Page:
This is an Op-Ed in the New York Times by a young Kenyan, describing what it's like in the slums around Nairobi:
By Kennedy Odede, New York Times, January 8, 2014
NAIROBI, Kenya — Terrorism is a global reality, and for me as a Kenyan, this struck close to home in September with the siege of the Westgate mall. Yet in many ways, growing up in Nairobi I was always in the midst of terror. As a boy living in extreme poverty in Kibera, one of Africa’s largest slums, I learned early on that I was disposable, that human life is not equally valued. Life expectancy in Kibera is estimated at 30 years, compared with 64 in the rest of Kenya and 70 worldwide. In Kibera, people are desensitized to death. Living is understood to be the exception.
I am 29 years old — on the threshold of a new decade of life. All my close friends from childhood, save for two, were robbed of this experience. Some took risks to feed their families; for stealing bread or charcoal, they were shot by the police. Others, who worked for as little as $1 per day, fell from construction sites or burned in factory fires. Still others perished in the violence after the 2007 election. Violence and loss became part of day-to-day life.
These are more than singular tragedies; they contribute to the psyche of being poor. This psyche inculcates hopelessness, dispels a belief in the possibility of tomorrow’s being better than today, compels a resignation to the fact that you may suffer the same tragic fate as your peers, and fuels anger because there is no escape and you did not choose this — you simply drew life’s short straw.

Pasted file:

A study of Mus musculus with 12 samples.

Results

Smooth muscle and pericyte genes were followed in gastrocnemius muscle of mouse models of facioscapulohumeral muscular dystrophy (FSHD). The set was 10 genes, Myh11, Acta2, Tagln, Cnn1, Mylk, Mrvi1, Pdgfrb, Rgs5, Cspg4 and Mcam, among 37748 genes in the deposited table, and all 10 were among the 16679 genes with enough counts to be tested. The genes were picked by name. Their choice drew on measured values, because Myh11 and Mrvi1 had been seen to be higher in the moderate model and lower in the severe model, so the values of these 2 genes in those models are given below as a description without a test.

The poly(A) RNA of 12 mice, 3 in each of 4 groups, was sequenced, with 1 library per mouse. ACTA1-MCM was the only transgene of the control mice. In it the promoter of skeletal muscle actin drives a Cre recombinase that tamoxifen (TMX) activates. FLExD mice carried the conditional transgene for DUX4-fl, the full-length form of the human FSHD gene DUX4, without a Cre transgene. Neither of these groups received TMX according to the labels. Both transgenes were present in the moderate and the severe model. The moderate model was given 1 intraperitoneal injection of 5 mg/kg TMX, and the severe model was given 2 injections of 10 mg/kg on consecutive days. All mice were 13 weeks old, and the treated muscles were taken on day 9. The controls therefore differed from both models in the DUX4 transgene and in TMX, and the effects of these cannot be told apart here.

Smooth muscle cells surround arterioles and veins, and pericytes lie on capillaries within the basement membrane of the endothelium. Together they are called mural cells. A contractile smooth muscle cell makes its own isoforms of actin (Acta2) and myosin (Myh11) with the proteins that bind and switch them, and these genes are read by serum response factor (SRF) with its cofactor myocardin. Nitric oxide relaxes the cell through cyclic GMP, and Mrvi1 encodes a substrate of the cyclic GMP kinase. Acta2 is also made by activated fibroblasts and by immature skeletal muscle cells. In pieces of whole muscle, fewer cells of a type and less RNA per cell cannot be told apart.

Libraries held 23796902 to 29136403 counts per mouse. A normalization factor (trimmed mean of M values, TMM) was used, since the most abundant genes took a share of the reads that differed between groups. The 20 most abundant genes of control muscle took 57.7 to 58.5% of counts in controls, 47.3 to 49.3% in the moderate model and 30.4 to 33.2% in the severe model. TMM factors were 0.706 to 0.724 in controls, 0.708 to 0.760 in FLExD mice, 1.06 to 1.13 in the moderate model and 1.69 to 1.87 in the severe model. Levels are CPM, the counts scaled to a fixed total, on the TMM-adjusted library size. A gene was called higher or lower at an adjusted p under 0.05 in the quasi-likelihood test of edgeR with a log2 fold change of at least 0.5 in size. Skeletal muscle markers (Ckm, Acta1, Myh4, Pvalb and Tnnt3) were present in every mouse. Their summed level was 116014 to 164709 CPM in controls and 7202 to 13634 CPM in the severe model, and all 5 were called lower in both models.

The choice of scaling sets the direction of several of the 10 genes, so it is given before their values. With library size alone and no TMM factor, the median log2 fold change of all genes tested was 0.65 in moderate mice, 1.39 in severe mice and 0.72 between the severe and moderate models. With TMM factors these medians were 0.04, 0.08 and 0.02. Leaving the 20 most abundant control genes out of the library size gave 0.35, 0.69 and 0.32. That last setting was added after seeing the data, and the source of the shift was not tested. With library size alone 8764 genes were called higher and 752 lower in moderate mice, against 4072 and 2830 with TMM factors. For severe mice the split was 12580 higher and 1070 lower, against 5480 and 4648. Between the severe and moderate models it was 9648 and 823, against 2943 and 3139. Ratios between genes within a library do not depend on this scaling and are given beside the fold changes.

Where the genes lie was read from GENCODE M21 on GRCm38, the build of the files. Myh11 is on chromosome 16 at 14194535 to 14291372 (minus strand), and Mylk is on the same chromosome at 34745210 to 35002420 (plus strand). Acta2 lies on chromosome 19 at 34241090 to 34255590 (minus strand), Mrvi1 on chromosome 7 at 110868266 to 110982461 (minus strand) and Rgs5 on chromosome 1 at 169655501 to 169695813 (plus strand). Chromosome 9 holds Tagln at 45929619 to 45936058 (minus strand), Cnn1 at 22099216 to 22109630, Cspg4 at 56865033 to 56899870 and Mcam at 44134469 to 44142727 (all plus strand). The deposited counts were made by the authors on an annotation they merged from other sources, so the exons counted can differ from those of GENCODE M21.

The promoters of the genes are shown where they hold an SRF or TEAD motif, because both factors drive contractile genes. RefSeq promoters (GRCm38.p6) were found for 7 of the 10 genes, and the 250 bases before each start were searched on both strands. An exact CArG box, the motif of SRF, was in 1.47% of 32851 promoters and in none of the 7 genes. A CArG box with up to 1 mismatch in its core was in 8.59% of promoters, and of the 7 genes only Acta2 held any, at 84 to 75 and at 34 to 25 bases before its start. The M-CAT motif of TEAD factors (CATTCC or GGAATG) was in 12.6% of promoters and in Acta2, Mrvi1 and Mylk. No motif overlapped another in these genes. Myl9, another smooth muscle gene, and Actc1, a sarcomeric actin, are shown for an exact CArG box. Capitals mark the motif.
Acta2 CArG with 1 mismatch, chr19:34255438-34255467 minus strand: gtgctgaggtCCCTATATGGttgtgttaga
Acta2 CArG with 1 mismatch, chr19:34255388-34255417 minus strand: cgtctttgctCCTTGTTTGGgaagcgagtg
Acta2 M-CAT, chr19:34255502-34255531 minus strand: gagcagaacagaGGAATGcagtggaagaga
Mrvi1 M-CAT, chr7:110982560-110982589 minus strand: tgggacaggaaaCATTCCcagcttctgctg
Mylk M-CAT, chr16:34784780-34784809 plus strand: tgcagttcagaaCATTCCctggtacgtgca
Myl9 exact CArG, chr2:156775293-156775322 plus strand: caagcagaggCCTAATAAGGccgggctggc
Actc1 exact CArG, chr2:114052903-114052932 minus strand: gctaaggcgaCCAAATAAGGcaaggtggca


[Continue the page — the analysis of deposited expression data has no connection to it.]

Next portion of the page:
This, perhaps, is terrorism’s fertile ground. Because if you grew up as I did, self-protection requires coming to terms with violence and terror. Violence becomes a vehicle of survival. My friend Boi was 16 when he joined a gang with the goal of supporting his mother and sister. If stealing or fighting was the only way, he was ready. In the end, he was shot dead.[More]
VDARE.com emphases adds. Kennedy Odede wants the slums of Nairobi to be better places, and who can blame him? I want none of these people to come to America as "refugees." They'd be "refugees", in effect, from each other.
All the awfulness in Kibera is, of course, 100 percent African—no colonialists or white oppressors are involved. Kenya has been independent since 1963, and if they want a better life, they can stay home and make one for themselves.